Toyota uses Hoshin Kanri to give direction on where they want to improve using Lean IT. Employees at various levels can exchange ideas about Hoshin items, and potentially get them approved by higher management. This approach makes results stronger and increases buy- in from the employees who contribute upfront.
If you want continuous improvement you can start with retrospectives, but you must go far beyond that with change management, culture change, and innovation. The most important thing in order to make change happen in organizations is creating new habits and changing your culture.
How can you make a company grow without sacrificing it’s culture? InfoQ talked with Fridtjof Detzner, co-founder of DIY website creator Jimdo, about how Jimdo started and scaled up using agile and why Jimdo uses kaizen and retrospectives to improve continuously.
Agile software development or Scrum is not enough to make your enterprise truly deliver on the Agile promises, says Dave van Herpen. He suggests that IT service management should apply agile and lean practices combined with DevOps to improve collaboration throughout the entire enterprise.
Tony Wong, a project management blackbelt, enumerates some practical points on individual procutivity. This article wonders how well these apply to software development and contrasts his list with that of other lists.
As western governments struggle with difficult debt to GDP ratios, the UK is turning to innovation and agile practices to help create a more efficient and less risky IT project delivery framework.
A Friday afternoon conversation with some noted agile practitioners covering the current state and future trends of the methodological universe and how these are playing out in the real world. Sit back, pop open a beer and enjoy the banter between some of the sharpest agile coaches on the market.
Kanban systems for software, derived from the Toyota Production System, are an iterationless approach for scheduling work. Instead of using a time boxed iteration and planning meeting, the pulls stories from the backlog only when it has completed its previous work. Dave Nicolette thinks that its important to expand our repertoire beyond the basics become familiar with other tools like Kanban.
Corey Ladas has written an interesting paper titled "Scrum-ban" in which he describes how a Scrum team might introduce the lean practice of kanban. He goes on to describe an evolutionary process, which if taken far enough, replaces most of Scrum. Even for those who don't want to scrap Scrum and go lean, the paper provides a useful view into what kanban is and how it can augment Scrum.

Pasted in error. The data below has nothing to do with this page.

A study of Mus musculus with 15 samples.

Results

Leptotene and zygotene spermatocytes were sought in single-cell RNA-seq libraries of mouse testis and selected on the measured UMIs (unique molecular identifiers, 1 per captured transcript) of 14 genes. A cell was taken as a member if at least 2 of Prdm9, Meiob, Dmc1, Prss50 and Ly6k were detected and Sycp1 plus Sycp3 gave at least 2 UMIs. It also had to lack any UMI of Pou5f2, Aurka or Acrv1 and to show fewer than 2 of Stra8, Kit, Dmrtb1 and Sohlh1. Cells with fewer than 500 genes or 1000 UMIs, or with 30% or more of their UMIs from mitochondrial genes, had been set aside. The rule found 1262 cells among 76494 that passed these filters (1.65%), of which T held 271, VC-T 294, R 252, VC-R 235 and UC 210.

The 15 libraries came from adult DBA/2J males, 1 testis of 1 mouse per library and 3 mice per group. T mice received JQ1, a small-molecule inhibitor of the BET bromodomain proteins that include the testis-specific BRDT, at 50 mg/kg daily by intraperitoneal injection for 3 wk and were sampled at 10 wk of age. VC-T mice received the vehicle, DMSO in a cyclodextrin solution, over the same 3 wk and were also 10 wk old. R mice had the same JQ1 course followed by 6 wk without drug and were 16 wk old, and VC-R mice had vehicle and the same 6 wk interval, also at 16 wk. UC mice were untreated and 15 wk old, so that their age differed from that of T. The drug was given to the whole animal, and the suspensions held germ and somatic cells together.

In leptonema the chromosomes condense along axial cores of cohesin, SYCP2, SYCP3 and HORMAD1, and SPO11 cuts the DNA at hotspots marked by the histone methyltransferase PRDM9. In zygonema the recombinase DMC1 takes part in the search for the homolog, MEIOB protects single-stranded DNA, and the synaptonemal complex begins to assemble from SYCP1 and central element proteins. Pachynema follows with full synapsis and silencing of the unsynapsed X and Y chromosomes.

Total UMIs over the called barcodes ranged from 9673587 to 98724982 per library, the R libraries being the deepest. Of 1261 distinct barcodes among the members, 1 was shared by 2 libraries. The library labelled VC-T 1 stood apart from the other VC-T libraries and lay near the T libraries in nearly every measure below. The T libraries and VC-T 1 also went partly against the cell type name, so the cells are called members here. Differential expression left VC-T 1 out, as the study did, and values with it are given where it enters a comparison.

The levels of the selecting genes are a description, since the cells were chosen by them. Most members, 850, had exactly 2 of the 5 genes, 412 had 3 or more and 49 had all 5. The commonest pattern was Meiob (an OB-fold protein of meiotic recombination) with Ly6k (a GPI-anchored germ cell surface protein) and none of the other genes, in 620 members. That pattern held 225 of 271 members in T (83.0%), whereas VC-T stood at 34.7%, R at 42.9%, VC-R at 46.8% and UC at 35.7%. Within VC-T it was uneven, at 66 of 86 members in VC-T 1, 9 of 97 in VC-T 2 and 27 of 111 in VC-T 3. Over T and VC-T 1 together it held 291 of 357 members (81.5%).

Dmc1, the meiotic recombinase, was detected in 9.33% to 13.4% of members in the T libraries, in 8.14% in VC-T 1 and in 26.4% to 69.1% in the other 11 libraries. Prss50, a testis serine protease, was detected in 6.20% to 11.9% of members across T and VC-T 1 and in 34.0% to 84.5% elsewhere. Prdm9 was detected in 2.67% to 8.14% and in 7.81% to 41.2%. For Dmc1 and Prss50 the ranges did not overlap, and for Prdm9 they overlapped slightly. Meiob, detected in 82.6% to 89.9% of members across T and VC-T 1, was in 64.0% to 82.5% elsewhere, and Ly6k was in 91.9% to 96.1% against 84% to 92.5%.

In the beginning Agile was largely a developer-driven initiative, sometimes improving development processes only to find the real bottlenecks lay outside developer control. In his latest InfoQ article, Kenji Hiranabe analyses Lean manufacturing's "Kanban" visual tracking tool, how it differs from the Agile taskboard, and how it helps identify more far-reaching improvements.
In this talk, software thought leader Mary Poppendieck reviewed 20th century management theories, including Toyota and Deming, and went on to talk about "the matrix problem", alignment, waste cutting, planning, standards and other topics including the role of measurement: "cash flow thinking" over "balance sheet thinking". InfoQ presents video of this popular talk from the Agile2007 conference.
Lean methods employ Kaizen, or continuous improvement, to reduce waste and improve results on a regular, even daily, basis. On the leanagilescrum group, Alan asked, "Are there known techniques for facilitating kaizen activities within Lean/Agile software development?"
Agile software development and Lean Thinking go hand-in-hand for many practitioners. Six-Sigma blackbelt Mike Wroblewski has blogged some lessons learned from a recent kaizen session. People are a key variable in both manufacturing and software environments, so his lessons learned in manufacturing are also interesting for Lean Software practitioners using kaizen events for process improvement.
Kevin Rutherford blogged recently on fostering change, rather than imposing it, this latter strategy being more likely to backfire. He's provided three tools useful to get the ball rolling and keep it moving.